The Value of Marriage

September 26, 2013 • Dating and Relationships

The Value of Marriage      

Author: Christine McLean

Life is short so why bog it down with the pressure and complexity of marriage? Marriage doesn’t necessarily prove love so why don’t two people just live together and experience “happily ever after”? Cott (2000) states that marriage is a form of public commitment and society places great importance on one’s marital status. Furthermore, the structure of marriage “organizes community life and facilitates the governments grasp on the populace” [1] and the law protects marriage by granting numerous benefits through “Social Security, tax policy, immigration and citizenship rights, military benefits, tax policies, and property rules”. [2]

Marriage means different things to people in different cultures. However, there is one common thread regardless of culture which is the fact that marriage is viewed as the social structure that determines mating and its consequences.[3] I believe that people in this era still understand the value of marriage for the reasons I outline below.

It Mirrors Commitment

Some people view marriage as the final step in the journey of their relationship. In front of whatever god you serve and either a multitude or handful of witnesses, you make vows to support each other regardless of the circumstances and remain faithful to each other till death. Making these vows in public should highlight the fact that you both are serious about the relationship and your commitment to each other. Granted, quite a few people don’t appreciate this commitment and end up destroying the marriage for various reasons, but this does not negate the fact that the concept of marriage is a public declaration of lifelong commitment.

It Provides Benefits

Let us stop for a minute and not look at the burdens marriage provides such as a demanding spouse, the pressure of raising children, and sometimes loneliness because either both or one partner isn’t carrying out his or her role effectively. If we look at the positives of marriage we will realize that it brings attractive benefits. In some jobs, people receive a spousal allowance and tax benefits when they get married. Marriage also creates a two income household which means that more money is available to make major purchases such as a home and a car. However, there are other benefits of marriage that are non-financial. Healthy marriages bring companionship. Yes, it is possible to experience great companionship without being married, but the fact is that the thought of having a man who is only yours and who has made a serious commitment to you greatly enhances how you experience each other. He becomes your life line, heartbeat, and the one you share every aspect of your life with. He helps you raise and provide stability for your children.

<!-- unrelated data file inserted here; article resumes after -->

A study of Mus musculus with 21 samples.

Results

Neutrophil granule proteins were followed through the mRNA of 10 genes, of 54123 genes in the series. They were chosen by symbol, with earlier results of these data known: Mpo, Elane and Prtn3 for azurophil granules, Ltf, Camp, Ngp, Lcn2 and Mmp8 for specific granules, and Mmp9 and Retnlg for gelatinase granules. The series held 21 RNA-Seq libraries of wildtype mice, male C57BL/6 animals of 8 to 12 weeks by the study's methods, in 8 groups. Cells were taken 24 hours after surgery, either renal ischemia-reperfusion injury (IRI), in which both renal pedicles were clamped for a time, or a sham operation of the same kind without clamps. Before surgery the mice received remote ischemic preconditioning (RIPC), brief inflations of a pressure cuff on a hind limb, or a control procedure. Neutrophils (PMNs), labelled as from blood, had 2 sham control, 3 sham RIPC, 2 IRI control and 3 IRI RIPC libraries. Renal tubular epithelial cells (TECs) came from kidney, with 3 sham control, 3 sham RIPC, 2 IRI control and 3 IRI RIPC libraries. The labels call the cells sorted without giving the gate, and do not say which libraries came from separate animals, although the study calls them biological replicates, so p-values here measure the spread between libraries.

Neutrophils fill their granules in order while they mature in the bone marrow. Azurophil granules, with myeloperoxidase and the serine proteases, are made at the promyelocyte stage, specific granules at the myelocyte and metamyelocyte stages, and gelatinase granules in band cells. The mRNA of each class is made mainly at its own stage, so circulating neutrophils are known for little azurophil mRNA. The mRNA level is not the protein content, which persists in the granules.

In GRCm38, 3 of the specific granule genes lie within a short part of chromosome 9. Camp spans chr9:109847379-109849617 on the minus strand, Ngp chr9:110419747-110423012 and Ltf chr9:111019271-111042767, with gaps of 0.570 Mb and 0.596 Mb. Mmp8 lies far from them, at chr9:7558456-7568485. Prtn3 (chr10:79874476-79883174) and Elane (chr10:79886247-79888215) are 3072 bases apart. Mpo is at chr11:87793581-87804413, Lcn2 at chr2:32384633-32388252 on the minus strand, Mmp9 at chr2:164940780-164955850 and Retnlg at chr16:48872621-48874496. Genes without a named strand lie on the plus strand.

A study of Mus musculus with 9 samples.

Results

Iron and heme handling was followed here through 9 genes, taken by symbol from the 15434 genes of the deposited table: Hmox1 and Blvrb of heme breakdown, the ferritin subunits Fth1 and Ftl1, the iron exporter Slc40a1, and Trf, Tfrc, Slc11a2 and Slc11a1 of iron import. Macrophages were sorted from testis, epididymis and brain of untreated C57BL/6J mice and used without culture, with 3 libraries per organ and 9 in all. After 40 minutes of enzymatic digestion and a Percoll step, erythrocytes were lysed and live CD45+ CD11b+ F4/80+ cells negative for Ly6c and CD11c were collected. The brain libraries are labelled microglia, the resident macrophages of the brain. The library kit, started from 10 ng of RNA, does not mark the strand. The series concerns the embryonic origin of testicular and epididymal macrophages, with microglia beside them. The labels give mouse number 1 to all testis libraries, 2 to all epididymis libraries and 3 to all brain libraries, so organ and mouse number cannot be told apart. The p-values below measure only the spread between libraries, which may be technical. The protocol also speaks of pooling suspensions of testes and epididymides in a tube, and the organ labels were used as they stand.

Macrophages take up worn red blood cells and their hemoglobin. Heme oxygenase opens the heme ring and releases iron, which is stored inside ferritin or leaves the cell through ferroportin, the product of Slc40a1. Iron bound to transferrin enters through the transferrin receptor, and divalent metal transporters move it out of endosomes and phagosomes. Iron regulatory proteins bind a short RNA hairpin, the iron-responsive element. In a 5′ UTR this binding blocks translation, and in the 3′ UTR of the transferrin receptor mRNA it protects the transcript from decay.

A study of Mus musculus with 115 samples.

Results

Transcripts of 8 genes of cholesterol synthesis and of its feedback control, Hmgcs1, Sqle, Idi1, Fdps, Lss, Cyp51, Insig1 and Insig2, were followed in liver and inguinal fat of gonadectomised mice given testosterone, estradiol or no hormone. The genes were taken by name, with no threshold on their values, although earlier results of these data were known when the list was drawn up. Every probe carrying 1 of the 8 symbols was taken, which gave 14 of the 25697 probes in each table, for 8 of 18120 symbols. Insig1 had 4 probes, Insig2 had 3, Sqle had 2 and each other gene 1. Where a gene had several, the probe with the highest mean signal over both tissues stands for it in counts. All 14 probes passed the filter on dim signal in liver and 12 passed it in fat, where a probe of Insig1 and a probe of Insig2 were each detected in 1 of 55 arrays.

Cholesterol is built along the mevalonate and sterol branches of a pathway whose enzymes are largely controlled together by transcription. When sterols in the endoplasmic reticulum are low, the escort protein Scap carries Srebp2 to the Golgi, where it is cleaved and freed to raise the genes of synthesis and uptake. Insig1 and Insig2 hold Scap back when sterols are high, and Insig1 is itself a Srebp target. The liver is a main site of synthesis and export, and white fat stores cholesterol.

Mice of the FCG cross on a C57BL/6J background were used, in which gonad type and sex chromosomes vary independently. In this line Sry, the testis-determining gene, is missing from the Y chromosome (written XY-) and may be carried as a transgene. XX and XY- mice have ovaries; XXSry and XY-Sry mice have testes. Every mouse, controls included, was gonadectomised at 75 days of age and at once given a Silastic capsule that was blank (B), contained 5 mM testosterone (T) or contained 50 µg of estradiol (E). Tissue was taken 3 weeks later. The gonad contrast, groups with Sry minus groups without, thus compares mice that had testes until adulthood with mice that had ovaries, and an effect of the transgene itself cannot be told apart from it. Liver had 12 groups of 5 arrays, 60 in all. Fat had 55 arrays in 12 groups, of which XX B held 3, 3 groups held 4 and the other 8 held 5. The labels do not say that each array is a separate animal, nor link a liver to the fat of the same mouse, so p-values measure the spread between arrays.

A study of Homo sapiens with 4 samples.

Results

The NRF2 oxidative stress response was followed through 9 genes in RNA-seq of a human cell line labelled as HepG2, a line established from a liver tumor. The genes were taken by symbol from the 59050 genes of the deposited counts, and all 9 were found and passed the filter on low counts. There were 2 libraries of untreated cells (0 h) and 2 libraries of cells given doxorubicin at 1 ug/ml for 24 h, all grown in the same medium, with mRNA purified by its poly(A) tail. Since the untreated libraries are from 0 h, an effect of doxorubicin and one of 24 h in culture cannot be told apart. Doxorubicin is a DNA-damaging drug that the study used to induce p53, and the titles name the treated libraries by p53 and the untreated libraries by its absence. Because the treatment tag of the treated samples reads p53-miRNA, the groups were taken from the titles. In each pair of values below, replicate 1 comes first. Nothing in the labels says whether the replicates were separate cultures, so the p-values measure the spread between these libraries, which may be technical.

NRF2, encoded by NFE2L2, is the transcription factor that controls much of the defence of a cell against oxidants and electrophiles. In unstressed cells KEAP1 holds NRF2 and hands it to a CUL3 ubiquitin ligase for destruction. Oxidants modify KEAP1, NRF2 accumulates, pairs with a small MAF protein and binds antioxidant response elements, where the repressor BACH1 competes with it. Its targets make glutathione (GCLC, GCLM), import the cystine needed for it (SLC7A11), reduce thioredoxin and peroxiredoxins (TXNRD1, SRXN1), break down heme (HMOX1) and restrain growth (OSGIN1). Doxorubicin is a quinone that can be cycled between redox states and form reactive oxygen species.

Happy married couple sitting on a bench
                                    © Photographer: Andriy Petrenko | Agency:

It Grants Security

For some people, marriage gives them purpose in life. It helps them to feel secure knowing that someone loves them for who they are and needs them. In other instances, it provides convenience. There are women who get married not because they love their husband, but because they love his wealth. For them, getting married provides them with the financial security they need to experience all of the luxuries they believe they deserve.


Although marriage isn’t necessary in this era, it is still deemed relevant. It should be viewed for what it really is….a public commitment between two people to support each other at all times and stay faithful to each other till death. Let’s stay true to this meaning and find men who will wholeheartedly make this commitment to us.


[1] Cott, N. F. (2000). Public vows: a history of marriage and the nation. United States: Harvard University Press.

[2] Cott, N. F. (2000). Public vows: a history of marriage and the nation. United States: Harvard University Press.

[3] Cultural anthropology/marriage, reproduction and kinship. (n.d.) Retrieved September 21, 2013, from,_Reproduction_and_Kinship#Marriage.